UMaine baseball lends a hand to communities through instructional camps

Universty of Maine assistant baseball coach Billy Cather (center) and kids participating in the Hermon youth baseball clinic put their hands together at the end of the day Thursday. Cather is one of 13 University of Maine players and coaches and two high school coaches who teach in the four-week-long series of clinics in Southwest Harbor, Orono and Hermon.
Michael C. York/BDN
Universty of Maine assistant baseball coach Billy Cather (center) and kids participating in the Hermon youth baseball clinic put their hands together at the end of the day Thursday. Cather is one of 13 University of Maine players and coaches and two high school coaches who teach in the four-week-long series of clinics in Southwest Harbor, Orono and Hermon.
Posted Aug. 01, 2011, at 4:49 p.m.
Last modified Aug. 01, 2011, at 10:18 p.m.

The University of Maine baseball program’s overnight instruction camp attracts hundreds of kids every summer.

But now head coach Steve Trimper and members of his coaching staff are taking the step to reach out to local communities and bring instruction to more kids, giving them and their parents a more convenient option to learn the sport from the state’s only Division I program.

UMaine assistant coaches Billy Cather — a former captain for the Black Bears and a two-time America East second-team honoree — and Jason Spaulding, former John Bapst coach Shane Graham and Old Town baseball coach Dave Utterback took to the Hermon Elementary School fields last week for a five-day camp that featured a variety of station-oriented clinics. Kids ages 7-13 attended the camp, one of several conducted by UMaine in local communities this summer.

“We certainly want to bring kids to UMaine for our overnight camps, but the more we can get into the community the easier it is for kids to attend our camps if they can’t make it to Orono,” Trimper said Sunday as he prepared for this week’s UMaine’s overnight camp, which will have 126 participants.

Getting UMaine baseball more involved with local communities stemmed from an idea by Luke Allain and from UMaine’s winter Little League clinics, which involves 15-16 teams per year on average.

Allain, a Hermon parent and coach, is involved with a program called Fields for Kids, which uses an indoor facility behind Bangor’s Beal College that hosts area soccer clinics and games. When the idea of playing baseball and softball in the facility came about, interest started growing.

Allain and other volunteers began to teach fundamentals in the winter, and when he brought a team to UMaine’s winter camp he struck up a relationship with Trimper, Cather, Spaulding and others. They began discussing how they could dive deeper into communities, and the locally-targeted camps were born.

“We wanted to use the local facilities and resources we had for kids who can’t, for whatever reason, make it to Orono for the overnight camps,” Allain said. “It’s all about the kids and doing what’s right to give them proper instruction, and working with the university to do this has just been great.”

Another key figure in the organization of the Hermon camp was Scott Perkins, the town’s parks and recreation director. Perkins worked with the Trimper and UMaine to spread the word about the camp by sending a newsletter home to Hermon residents. Perkins, the parks and recreation department and multiple volunteers also made sure the facilities were well prepared before each session, and lent some of their equipment to the camp.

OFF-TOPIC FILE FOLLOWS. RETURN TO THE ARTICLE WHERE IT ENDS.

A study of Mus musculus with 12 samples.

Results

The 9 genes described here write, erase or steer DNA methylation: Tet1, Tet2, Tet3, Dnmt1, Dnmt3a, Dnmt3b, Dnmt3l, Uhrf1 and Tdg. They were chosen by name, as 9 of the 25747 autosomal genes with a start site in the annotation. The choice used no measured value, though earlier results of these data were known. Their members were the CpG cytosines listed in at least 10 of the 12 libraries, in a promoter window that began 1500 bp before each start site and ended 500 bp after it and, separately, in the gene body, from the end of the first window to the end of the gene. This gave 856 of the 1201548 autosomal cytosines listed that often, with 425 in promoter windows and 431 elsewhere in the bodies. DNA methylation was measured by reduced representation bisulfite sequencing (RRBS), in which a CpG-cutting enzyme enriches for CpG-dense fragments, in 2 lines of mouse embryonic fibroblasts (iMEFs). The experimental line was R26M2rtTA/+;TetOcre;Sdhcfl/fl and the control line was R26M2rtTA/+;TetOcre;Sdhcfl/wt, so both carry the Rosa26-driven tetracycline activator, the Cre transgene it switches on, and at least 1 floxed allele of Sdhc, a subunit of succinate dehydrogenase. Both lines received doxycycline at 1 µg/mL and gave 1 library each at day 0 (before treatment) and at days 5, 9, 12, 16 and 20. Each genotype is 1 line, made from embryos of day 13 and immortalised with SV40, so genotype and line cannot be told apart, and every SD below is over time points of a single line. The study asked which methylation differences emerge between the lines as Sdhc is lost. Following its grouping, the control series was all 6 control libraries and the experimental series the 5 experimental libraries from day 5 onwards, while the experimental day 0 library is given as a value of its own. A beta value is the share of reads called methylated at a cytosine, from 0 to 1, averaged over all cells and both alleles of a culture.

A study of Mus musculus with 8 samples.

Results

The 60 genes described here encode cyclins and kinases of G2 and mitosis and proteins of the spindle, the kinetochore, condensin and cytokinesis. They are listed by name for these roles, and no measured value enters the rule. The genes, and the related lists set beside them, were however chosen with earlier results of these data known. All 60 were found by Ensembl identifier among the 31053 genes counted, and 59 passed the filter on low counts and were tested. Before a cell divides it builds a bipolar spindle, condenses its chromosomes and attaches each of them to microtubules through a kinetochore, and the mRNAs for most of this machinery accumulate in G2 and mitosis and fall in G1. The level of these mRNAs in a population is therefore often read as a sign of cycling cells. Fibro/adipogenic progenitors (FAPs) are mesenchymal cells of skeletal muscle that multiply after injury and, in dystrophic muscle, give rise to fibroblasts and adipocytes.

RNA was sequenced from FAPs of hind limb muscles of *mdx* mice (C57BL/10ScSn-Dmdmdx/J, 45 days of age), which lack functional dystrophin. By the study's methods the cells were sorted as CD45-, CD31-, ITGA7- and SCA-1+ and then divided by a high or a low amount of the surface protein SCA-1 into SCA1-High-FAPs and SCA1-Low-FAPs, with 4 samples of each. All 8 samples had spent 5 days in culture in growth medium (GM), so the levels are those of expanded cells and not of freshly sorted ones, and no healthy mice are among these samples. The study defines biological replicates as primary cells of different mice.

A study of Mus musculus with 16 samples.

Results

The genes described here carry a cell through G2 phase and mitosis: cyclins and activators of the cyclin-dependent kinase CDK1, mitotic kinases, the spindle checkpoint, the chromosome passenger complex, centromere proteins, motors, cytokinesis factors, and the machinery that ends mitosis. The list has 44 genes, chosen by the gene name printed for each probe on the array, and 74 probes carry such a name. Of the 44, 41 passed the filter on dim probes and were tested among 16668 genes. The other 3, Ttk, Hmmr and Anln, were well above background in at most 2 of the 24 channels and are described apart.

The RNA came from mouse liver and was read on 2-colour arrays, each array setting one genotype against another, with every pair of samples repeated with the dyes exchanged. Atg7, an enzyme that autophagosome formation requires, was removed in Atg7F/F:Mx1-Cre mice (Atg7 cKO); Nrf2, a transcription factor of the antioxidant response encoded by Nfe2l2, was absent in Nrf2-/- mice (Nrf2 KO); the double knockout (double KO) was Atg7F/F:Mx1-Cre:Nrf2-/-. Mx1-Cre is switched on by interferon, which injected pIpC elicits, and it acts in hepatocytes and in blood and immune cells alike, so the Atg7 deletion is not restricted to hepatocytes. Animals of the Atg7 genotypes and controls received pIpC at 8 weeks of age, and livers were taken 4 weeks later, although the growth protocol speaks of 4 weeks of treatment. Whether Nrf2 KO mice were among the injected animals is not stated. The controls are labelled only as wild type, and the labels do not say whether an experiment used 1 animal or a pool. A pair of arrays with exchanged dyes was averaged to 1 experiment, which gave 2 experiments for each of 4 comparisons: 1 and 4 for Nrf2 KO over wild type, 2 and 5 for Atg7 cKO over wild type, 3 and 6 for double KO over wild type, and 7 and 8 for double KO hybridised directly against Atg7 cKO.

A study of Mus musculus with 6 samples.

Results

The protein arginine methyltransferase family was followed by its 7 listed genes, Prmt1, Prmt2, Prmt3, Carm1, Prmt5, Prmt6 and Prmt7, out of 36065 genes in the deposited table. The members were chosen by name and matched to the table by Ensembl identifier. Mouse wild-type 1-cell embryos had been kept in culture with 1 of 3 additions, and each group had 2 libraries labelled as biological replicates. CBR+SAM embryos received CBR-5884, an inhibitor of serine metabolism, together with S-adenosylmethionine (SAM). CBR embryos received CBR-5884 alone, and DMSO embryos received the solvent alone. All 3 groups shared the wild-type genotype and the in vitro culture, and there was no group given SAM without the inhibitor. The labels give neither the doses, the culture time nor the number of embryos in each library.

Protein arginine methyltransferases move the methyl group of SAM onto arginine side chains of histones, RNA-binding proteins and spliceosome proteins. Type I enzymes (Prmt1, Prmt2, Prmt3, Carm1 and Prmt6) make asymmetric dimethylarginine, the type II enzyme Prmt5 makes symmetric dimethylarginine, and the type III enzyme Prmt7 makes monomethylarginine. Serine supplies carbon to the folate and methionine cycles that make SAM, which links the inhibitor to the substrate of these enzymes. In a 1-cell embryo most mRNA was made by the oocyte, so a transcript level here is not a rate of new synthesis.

“I have to give credit to UMaine baseball and all of our volunteers. If it weren’t for them this wouldn’t have happened,” Perkins said. “I think that Bill, Jason, Shane and Dave enjoyed their time here this past week, and I know the kids and the parents certainly did. For them to come to Hermon and make it a good setting for the kids because it was local was just fantastic.”

The 30 participants who attended the camp every day rotated through different stations that the camp instructors set up, and the coaches talked about baseball with the kids in between.

Stations included hitting in batting cages, pitching work, baserunning, and fielding.

“When I was a kid it was someone taking batting practice and the other kids in the field chasing the ball or standing around,” Perkins said. “These guys came into this camp with a very professional approach but also kept it fun. They know how to keep everyone active and always doing something.”

Trimperv also held a local camp on Mount Desert Island two weeks ago and has held a camp in Poland the past four years. He said reaching out locally like this not only helps foster the program’s public image and provides them with an opportunity to give back, but it helps kids get better and learn more about baseball, which is the program’s ultimate goal for the camps.

“The kids are great to work with, and our coaches have fun and take a lot of pride in trying to help them get better and gain more knowledge than they knew before they came to the camp,” Trimper said. “If they can leave the camp knowing that they learned something new and had some fun, then it’s fantastic.”

Trimper also mentioned a goal of the program is to reach out to more area high school coaches and have the instruction filter into the high schools. It has already started doing that with the addition of Graham and Utterback to the camp coaching staff.

“There’s no doubt Hermon’s putting a lot of effort and time into youth baseball and softball, and this camp is just one more piece to the puzzle,” Perkins said. “We’ve been very fortunate to have members of UMaine come to us, and they’re certainly welcome back.”